SXSW Film Review: ‘Kill List’

SXSW Film Review: ‘Kill List’

Kill List suffers from a case of schizophrenia. It tries to be a jack of all trades, but masters none of those said trades during the course of the film. Though I personally found the film gratifying, I was sorely disappointed in the disjointed quality of the final product.

The film starts out a fairly interesting character study of a semi-retired hit-man (Neil Maskell)  and his oddly complacent wife (Myanna Buring). Turns out she is quite capable, having been a member of the Swedish army. She understands the demands of his unconventional job, and encourages him to return to the lifestyle in order to keep their family afloat.

I liked the aspect of her not only knowing about, but encouraging, his amoral lifestyle. An old acquaintance shows up for dinner with his mysterious girlfriend, and just like that, he is thrust back into the hitman lifestyle.

After a heated domestic argument ruins the evening, he takes an assignment to off a few pesky people, hence the title, “Kill List”. Even though he’s been out of the biz for a while, it takes precious little time to jump back in the saddle, offing his victims so sadistically that his partner finds it disturbing.

There are hints of a pedophilia/snuff/pornography ring. When Jay watches a video featuring one of the people on the list, his reaction to what he sees upsets and enrages him to the point that he offs those responsible in horrible ways.

This is an interesting trope to examine, the hired killer feels vindicated in his actions when he feels morally superior to those he disposes of, all the while   becoming more depraved than those he punishes in the process of killing them. I Saw the Devil built a whole movie about the idea, to great effect.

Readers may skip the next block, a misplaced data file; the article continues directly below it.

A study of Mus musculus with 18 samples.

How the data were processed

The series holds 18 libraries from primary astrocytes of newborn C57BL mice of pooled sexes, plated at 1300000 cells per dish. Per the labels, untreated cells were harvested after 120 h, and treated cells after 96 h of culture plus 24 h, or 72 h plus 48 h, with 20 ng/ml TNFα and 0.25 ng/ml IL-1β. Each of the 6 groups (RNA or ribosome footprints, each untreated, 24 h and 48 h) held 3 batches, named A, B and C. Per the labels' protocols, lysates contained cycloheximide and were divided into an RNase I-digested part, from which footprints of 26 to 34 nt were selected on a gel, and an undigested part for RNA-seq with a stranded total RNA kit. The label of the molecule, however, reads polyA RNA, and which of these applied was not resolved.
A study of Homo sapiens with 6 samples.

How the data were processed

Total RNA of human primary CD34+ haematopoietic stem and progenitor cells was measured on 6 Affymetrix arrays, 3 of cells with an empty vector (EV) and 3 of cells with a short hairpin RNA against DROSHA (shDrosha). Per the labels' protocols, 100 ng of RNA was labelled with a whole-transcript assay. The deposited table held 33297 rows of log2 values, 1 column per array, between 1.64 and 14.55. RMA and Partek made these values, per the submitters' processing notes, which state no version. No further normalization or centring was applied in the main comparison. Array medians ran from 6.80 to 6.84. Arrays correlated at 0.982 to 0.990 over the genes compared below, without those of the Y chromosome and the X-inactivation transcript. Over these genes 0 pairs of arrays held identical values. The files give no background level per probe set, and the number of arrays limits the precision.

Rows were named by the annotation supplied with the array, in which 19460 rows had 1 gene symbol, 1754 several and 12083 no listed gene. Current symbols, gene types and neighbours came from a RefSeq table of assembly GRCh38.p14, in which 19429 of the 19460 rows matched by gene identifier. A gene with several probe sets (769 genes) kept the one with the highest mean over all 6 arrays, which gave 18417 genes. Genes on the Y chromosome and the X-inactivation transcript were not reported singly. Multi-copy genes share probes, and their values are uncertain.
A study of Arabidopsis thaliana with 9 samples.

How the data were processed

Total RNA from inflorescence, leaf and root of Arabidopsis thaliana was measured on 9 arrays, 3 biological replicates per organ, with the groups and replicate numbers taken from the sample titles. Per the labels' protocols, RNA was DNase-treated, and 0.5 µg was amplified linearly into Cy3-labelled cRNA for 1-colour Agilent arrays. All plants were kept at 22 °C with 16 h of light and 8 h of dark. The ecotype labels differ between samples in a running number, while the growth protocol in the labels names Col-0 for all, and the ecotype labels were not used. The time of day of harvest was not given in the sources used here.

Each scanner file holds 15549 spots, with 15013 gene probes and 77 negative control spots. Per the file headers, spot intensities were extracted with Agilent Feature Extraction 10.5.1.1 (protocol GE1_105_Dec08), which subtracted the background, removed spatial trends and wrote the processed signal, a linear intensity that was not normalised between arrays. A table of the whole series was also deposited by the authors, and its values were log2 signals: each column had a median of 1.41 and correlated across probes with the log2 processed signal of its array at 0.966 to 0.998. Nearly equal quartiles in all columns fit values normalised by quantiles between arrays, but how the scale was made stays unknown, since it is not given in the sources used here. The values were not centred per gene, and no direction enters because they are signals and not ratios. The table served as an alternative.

At any rate, the first two targets react oddly to their imminent death; they are pleased to meet and thank him for killing him. It all provides for a great mystery, but the film runs off of the rails during the last third of the movie. For no reason whatsoever, we are thrust into a Wickerman./Children of the Corn type cult setting, and it truly ridiculous.

The movie had a lot going for it, and there was absolutely no reason for the film to veer off into this unwarranted sub-plot. It pretty much ruined the film.

I want to know what happened to the real characters. What were their backgrounds? How long was he a hitman? What was on the videotape? All of these issues could have fleshed out the film, but the change of plot/tone was irritating.

A wonderful concept was wasted by a last minute bait and switch. What a shame. There was lots of potential here.

*** Good news for the film: It has been acquired by IFC Midnight Films for distribution.